Lake Como tends to dominate visitors’ itineraries when it comes to the country’s lakes, and especially since George Clooney moved in, but there are others which are equally as stunning but perhaps less well known.
So forget the packed beaches, go and get some respite from the heat at one of these.
Each has its own character too, with picturesque villages and dramatic mountain ranges to marvel at while you're there.
Lake Orta, Piedmont
Photo: Seldon Vestrit
Lake Orta, near Milan, is little known beyond Italy. You’ll find it tucked away in Italy’s northern lakes district, close to the more popular, and larger, Lake Maggiore.
In the middle of the lake lies the charming Isola San Giulio, which is home to a 12th century church and 19th century seminary. The cobblestoned island is also mostly pedestrian-only. Lake Orta has long been popular with artists and writers too.
Lake Arpy, Valle d’Aosta
Photo: Davide Cantone
Tucked away in Valle d’Aosta, the autonomous region in Italy’s northwest corner, is Lake Arpy. The lake is set against the backdrop of the peaks of the Mont Blanc range. The area is popular for hiking and mountain biking, and is also home to smaller lakes.
Lake Garda, Lombardy
It's Italy’s largest lake and, alongside Como, is one of the country’s best known. As with some of the towns in Como, Lake Garda is among the best places to stay if you’re looking for something luxurious. Its charming villages have also been an inspiration to artists and writers. Located about half-way between Brescia and Verona, the area is also an excellent base from which to visit other places, including the Dolomites.
Lake Carezza, South Tyrol
Photo: Umberto Salvagnini
Located in Val d’Ega, in the northern South Tyrol region, Lake Carezza is famous for its emerald green water, set against the backdrop of the Rosengarten-Latemar mountain range, as well as the Karerwald forest, a paradise for walkers.
The best time to visit is in the early morning or evening, when the mountains are reflected in the crystal clear water. A perfect picture opportunity.
Lake Braies, South Tyrol
Much like Lake Carezza, Lake Braies, located in Val di Braies, offers another alluring mix of clear water, mountains and forest.
Lake Maggiore, Piedmont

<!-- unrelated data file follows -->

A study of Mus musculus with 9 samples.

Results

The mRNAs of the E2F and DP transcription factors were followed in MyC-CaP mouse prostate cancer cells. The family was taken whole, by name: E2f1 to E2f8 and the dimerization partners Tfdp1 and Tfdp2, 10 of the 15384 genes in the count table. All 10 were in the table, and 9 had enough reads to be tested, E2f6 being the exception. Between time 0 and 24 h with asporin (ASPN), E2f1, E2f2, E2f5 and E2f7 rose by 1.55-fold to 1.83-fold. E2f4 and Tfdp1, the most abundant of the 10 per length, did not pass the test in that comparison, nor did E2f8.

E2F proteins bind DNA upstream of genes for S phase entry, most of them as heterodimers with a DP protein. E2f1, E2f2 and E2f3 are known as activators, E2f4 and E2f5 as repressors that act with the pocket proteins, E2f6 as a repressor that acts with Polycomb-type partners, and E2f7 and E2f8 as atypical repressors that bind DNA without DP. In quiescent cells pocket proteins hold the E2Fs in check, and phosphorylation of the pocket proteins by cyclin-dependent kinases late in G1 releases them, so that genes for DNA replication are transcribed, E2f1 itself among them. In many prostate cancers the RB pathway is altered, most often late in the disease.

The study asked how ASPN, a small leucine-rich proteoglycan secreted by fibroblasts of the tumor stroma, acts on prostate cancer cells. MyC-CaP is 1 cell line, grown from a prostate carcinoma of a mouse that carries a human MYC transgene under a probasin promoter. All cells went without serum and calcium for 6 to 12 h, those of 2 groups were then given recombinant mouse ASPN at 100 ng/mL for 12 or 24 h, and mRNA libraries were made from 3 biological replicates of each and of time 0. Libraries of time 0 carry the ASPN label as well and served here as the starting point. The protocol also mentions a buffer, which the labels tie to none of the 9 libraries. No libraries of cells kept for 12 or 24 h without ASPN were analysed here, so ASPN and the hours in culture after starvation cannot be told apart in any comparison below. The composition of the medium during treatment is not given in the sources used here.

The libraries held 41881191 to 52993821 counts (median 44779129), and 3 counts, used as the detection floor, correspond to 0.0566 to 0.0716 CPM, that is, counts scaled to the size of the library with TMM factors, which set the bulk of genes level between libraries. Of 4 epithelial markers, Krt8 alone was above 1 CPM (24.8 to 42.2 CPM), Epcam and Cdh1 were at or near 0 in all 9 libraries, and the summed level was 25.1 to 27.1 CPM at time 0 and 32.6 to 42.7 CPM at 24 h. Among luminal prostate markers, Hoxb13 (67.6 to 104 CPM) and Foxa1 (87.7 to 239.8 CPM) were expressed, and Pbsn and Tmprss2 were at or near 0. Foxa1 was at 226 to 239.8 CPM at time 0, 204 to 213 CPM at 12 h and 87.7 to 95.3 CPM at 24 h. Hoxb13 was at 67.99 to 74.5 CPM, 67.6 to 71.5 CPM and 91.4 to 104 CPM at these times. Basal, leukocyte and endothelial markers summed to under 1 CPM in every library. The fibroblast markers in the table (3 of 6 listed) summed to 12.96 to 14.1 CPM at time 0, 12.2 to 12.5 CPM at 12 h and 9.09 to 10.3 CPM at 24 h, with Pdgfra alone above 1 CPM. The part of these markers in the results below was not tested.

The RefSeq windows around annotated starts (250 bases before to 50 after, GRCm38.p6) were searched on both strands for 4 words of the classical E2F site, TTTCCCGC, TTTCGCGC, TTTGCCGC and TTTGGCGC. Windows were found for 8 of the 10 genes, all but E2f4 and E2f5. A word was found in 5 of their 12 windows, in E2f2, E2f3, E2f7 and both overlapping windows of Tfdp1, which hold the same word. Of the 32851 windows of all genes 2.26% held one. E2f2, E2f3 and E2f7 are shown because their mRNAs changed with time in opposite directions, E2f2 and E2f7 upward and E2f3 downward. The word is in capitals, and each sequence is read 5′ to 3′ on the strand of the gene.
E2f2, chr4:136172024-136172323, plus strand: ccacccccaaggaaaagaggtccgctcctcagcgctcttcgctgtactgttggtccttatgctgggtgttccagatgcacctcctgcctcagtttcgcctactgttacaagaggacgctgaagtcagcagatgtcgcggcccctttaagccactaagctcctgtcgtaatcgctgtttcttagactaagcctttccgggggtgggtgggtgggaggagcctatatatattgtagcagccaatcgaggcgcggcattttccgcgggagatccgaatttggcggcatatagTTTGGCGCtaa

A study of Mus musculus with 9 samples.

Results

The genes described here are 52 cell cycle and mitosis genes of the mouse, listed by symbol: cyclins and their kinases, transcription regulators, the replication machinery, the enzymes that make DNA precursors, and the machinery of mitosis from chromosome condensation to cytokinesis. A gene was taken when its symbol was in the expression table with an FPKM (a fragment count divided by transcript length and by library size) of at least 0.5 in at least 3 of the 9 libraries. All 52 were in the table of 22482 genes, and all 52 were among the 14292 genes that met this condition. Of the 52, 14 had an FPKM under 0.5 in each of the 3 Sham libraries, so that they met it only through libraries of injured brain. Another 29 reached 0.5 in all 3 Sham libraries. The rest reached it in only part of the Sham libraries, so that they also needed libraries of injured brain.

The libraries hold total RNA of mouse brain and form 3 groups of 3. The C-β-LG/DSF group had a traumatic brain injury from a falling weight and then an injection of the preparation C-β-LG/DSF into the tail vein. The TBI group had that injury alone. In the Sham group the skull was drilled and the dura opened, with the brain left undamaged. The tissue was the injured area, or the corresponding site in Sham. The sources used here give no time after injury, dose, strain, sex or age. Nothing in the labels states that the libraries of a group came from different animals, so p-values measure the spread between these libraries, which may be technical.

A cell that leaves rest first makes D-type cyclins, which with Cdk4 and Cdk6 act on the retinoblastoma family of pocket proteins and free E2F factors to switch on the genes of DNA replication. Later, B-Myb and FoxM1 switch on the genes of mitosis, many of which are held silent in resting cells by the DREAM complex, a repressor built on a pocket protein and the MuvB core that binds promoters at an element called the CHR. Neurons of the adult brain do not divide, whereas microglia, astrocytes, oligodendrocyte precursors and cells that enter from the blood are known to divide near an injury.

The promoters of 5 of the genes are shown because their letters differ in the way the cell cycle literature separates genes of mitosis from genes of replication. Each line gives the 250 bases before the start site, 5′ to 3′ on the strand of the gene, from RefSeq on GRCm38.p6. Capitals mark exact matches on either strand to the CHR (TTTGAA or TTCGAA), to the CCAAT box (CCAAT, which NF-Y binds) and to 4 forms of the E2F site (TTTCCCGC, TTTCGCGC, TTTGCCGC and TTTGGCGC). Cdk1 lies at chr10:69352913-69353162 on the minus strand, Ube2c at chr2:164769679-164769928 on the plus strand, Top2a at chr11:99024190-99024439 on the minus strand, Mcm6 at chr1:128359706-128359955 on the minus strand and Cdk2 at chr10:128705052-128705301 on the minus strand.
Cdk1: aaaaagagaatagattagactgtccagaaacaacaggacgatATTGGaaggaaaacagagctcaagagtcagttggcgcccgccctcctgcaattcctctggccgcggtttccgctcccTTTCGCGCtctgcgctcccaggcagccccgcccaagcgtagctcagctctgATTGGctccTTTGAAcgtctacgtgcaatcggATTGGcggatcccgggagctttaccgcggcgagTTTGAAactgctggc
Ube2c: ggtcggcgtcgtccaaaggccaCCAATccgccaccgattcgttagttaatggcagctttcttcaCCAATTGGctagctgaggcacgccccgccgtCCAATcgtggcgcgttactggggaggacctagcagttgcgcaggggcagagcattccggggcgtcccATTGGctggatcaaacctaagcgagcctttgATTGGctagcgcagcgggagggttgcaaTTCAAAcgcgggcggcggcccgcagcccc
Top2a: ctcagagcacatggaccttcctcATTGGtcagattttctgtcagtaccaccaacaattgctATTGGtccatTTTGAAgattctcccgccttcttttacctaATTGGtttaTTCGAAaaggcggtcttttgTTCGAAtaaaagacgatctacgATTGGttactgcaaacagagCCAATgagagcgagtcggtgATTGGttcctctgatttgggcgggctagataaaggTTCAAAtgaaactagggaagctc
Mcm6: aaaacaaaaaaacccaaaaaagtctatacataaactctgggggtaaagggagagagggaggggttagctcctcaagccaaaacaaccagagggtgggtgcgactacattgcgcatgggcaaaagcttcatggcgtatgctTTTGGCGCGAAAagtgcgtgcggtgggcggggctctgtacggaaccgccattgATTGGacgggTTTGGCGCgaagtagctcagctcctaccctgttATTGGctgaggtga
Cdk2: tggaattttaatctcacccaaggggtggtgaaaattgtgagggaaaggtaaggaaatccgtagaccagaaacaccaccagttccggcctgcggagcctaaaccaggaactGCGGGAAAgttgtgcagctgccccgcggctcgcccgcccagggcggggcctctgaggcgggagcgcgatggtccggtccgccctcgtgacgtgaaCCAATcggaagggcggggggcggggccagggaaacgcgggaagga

Photo: Ed Webster
Straddling Italy and Switzerland, Lake Maggiore is the second-largest lake in Italy and is home to several towns and islands, including Isola Bella, which hosts the 17th-century Palazzo Borromeo. All surrounded by beautiful mountains.
Lake Iseo, Lombardy
Photo: Falke Lademann
Lake Iseo was referred to as a “hidden gem” until fairly recently, when artist Christo installed his 3km floating orange walkway on the lake. With images of "The Floating Piers" beamed across the world, thousands of visitors flocked to try out the walkway, many of them going barefoot to get an idea of what it feels like to walk on water.
But with the project closing this month, the crowds have now left and the lake can be enjoyed with a modicum of tranquility. From Iseo, you can also take a ferry ride to Monte Isola, the largest inhabited lake island in southern Europe.
Lake Bolsena, Tuscany/Lazio
Photo: Mark Notari
Straddling Tuscany and Lazio, Lake Bolsena is formed in the crater of an extinct volcano. One of Italy’s cleanest lakes, it’s an excellent place to swim, fish or sail. Take a walk around the lake, and you’ll see charming villages, forests and few tourists.
Lake Bracciano, Lazio
Photo: Andrea L Bowman
The town of Bracciano shot to fame when Tom Cruise married Katie Holmes in its castle. Located just an hour’s train ride from Rome, the volcanic lake is the perfect spot for a refreshing dip in the summer. You can also go canoeing and sailing. The area also includes Lake Martignano and Anguillara.
Lake Lugano, Italy/Switzerland border
Situated on the northern Italian and southern Swiss border, the glacial Lake Lugano lies between Lake Como and Lake Maggiore. Sixty-three percent of the 48.7km lake is in Switzerland and 37 percent in Italy.